Date: December 5, 2010
Liturgical Sunday: Advent 2
RCL Scripture: Psalm 72:1-7, 18-19; Isaiah 11:1-10; Romans 15:4-13; Matthew 3:1-12
Sermon Title: Peace
Knox Presbyterian [audio:https://wordsfromthemiddle.ca/wp-content/uploads/101205-Knox1.mp3|titles=Peace]
St. Mark’s Presbyterian [audio:https://wordsfromthemiddle.ca/wp-content/uploads/101205-St-Marks.mp3|titles=Peace]
This week’s sermon is on peace. In a sense there isn’t much to say about peace but our Lectionary texts give us the opportunity to reflect carefully on the reality that peace without justice is a sham and a cheat. I hope you will find some things of value in one or both of these sermons. As is frequently the case, but by no means always, the St. Mark’s sermon is both longer and somewhat more focused (if that is not a paradox) due to working out some of the ideas on the good people of Knox. I’m looking forward to any and all comments on the coherence and value of this/these message(s).
I’ve had the opportunity to listen to these two sermons back to back and with no words spoken by anyone else in the middle. It’s fascinating to me to hear the ideas develop and crystallize/congeal/shimmer as you preach. The work of peace and hope in these days as a valid and essential call in our lives as follower of Jesus is compelling.
A curiosity — aside from the reference to growing up in a home with four boys and a lack of hitting not equaling peace, I’m not recalling any other personal anecdotes or illustrations. I don’t have a tally sheet, but I have the sense that frequently you paint more stories than you did “today.”
Thanks again for sharing.
Jennifer, you are correct when you note that there isn’t as much of “me” in this week as usual. I am not entirely sure why not, I certainly don’t shy away from bringing myself into sermons. If you have the time, the first sermon(s) posted “Who owes whom?” has quite a bit more of me than this one.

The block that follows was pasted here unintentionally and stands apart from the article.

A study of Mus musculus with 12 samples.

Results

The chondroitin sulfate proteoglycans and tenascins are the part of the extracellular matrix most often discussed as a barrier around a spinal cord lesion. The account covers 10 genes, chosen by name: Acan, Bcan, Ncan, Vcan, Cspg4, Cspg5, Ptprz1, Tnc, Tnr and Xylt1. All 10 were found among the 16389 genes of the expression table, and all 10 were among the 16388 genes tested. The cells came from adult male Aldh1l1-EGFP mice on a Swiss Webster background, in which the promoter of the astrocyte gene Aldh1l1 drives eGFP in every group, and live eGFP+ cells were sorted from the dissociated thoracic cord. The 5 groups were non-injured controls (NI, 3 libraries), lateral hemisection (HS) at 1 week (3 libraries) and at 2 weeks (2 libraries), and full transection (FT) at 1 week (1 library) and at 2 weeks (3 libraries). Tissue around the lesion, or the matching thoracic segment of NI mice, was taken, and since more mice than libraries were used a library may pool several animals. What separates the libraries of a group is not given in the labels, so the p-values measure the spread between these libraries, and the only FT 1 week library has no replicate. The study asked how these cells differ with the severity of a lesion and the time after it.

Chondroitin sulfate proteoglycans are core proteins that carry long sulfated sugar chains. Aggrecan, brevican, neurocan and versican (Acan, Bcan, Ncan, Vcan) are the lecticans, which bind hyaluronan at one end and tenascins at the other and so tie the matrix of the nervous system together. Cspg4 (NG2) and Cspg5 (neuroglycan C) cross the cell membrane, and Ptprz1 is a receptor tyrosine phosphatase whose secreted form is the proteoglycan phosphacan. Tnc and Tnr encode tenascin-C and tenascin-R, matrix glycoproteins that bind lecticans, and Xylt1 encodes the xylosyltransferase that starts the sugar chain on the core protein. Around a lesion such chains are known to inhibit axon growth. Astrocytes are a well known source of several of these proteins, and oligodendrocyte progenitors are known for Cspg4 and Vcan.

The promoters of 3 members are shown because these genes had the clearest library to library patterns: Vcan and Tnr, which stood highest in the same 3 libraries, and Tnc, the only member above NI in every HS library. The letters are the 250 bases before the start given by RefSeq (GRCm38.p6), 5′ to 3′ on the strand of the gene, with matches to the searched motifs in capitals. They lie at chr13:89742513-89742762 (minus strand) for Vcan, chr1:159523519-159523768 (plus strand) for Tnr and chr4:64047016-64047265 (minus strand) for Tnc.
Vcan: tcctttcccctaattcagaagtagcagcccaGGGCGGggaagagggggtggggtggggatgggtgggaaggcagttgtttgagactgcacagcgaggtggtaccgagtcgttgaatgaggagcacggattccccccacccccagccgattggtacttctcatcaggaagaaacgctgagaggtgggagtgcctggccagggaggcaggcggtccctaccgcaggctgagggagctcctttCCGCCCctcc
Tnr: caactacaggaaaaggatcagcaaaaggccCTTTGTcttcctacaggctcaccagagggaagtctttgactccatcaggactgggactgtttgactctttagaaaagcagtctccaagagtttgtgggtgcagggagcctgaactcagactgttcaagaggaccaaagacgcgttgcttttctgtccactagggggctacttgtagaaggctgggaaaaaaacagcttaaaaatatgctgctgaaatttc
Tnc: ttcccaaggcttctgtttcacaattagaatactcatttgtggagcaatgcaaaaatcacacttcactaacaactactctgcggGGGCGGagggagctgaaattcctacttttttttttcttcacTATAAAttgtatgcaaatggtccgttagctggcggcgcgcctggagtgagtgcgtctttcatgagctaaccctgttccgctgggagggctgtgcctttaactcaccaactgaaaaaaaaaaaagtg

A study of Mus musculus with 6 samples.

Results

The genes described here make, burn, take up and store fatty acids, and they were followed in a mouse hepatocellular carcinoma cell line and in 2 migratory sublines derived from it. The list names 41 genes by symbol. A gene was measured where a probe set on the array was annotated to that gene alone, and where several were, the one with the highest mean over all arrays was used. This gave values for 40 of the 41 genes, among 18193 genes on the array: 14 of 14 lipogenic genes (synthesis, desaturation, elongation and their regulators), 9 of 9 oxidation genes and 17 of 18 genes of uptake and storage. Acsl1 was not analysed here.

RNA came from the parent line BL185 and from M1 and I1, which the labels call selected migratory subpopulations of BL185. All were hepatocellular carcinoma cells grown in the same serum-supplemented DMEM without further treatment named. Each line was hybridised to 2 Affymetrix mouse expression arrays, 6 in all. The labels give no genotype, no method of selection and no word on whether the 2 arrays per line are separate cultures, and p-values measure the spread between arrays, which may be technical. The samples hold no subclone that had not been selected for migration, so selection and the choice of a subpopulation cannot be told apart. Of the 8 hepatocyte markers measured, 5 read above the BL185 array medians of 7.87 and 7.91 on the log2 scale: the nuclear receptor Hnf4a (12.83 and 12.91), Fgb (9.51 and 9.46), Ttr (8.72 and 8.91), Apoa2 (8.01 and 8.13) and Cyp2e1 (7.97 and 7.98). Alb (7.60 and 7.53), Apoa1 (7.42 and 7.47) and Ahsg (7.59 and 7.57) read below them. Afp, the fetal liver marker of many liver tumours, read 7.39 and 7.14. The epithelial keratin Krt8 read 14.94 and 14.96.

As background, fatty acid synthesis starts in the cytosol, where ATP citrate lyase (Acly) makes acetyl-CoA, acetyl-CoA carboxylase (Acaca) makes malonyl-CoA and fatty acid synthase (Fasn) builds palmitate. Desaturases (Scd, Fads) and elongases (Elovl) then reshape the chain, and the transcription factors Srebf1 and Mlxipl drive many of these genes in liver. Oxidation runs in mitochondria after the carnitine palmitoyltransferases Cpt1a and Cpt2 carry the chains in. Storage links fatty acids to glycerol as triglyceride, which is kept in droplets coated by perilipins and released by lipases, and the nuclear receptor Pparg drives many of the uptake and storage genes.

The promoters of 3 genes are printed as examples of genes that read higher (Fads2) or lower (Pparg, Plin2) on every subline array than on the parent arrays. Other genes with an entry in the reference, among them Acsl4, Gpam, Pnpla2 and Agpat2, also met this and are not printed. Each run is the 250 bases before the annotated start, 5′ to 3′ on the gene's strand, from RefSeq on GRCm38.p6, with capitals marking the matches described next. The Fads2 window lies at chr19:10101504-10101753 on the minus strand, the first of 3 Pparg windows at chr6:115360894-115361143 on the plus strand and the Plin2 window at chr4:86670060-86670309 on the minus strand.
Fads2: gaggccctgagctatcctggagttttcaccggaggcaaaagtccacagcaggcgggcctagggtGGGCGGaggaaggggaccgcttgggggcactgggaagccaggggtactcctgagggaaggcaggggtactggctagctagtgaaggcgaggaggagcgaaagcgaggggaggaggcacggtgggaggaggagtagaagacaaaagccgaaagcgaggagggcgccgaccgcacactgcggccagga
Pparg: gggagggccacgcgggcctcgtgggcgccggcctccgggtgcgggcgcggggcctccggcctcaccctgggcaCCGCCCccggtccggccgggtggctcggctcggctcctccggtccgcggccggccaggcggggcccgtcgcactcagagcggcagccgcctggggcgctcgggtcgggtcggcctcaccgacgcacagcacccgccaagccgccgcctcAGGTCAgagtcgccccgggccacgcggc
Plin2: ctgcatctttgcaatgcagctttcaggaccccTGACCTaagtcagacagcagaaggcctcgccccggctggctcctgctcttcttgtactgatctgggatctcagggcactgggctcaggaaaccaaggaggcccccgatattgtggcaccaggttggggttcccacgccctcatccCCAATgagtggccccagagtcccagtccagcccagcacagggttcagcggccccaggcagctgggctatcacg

Personal illustrations are always problematic if they involve anyone beyond “you and you alone.” You always need to be sensitive to the reality that not everyone wants to be used as a sermon illustration, not even as a positive illustration.
I am in the process of listening to this pair of sermons and I am noticing how much of me ISN”T in the sermon but I still think it is of value . . . but of course I’d say that. My own biases notwithstanding, I think I’ve actually got a hold of something very important in these sermons and I’d like to thank Jennifer for gently nudging me to listen to them.
I too listened to them back to back and appreciated the progression of your thoughts about peace. I can’t remember hearing a sermon on just the subject of peace, so this was good food for thought. It’s beneficial to hear the same sermon (basically) twice because you usually pick up something the second time around that didn’t grab you on the first. So thank you. Good thoughts to carry through my day. The one I hadn’t heard or thought of before was, “Peace without justice is a sham.”
I wish I could say that I had carefully thought the whole issue through and after much mediation came up with that line but I can’t, it just came to me in the midst of preaching. It is certainly a coalescing of years of thinking off and on about peace and justice but having it come together that way was a bit of a surprise.
After all that, I don’t think that the line is original to me, so perhaps I dredged it up from my subconscious. I just googled it and it doesn’t seem to be out there in that exact phraseology. I found several citations for “no peace without justice” which is sort of the same . . . maybe I did coin a phrase after all.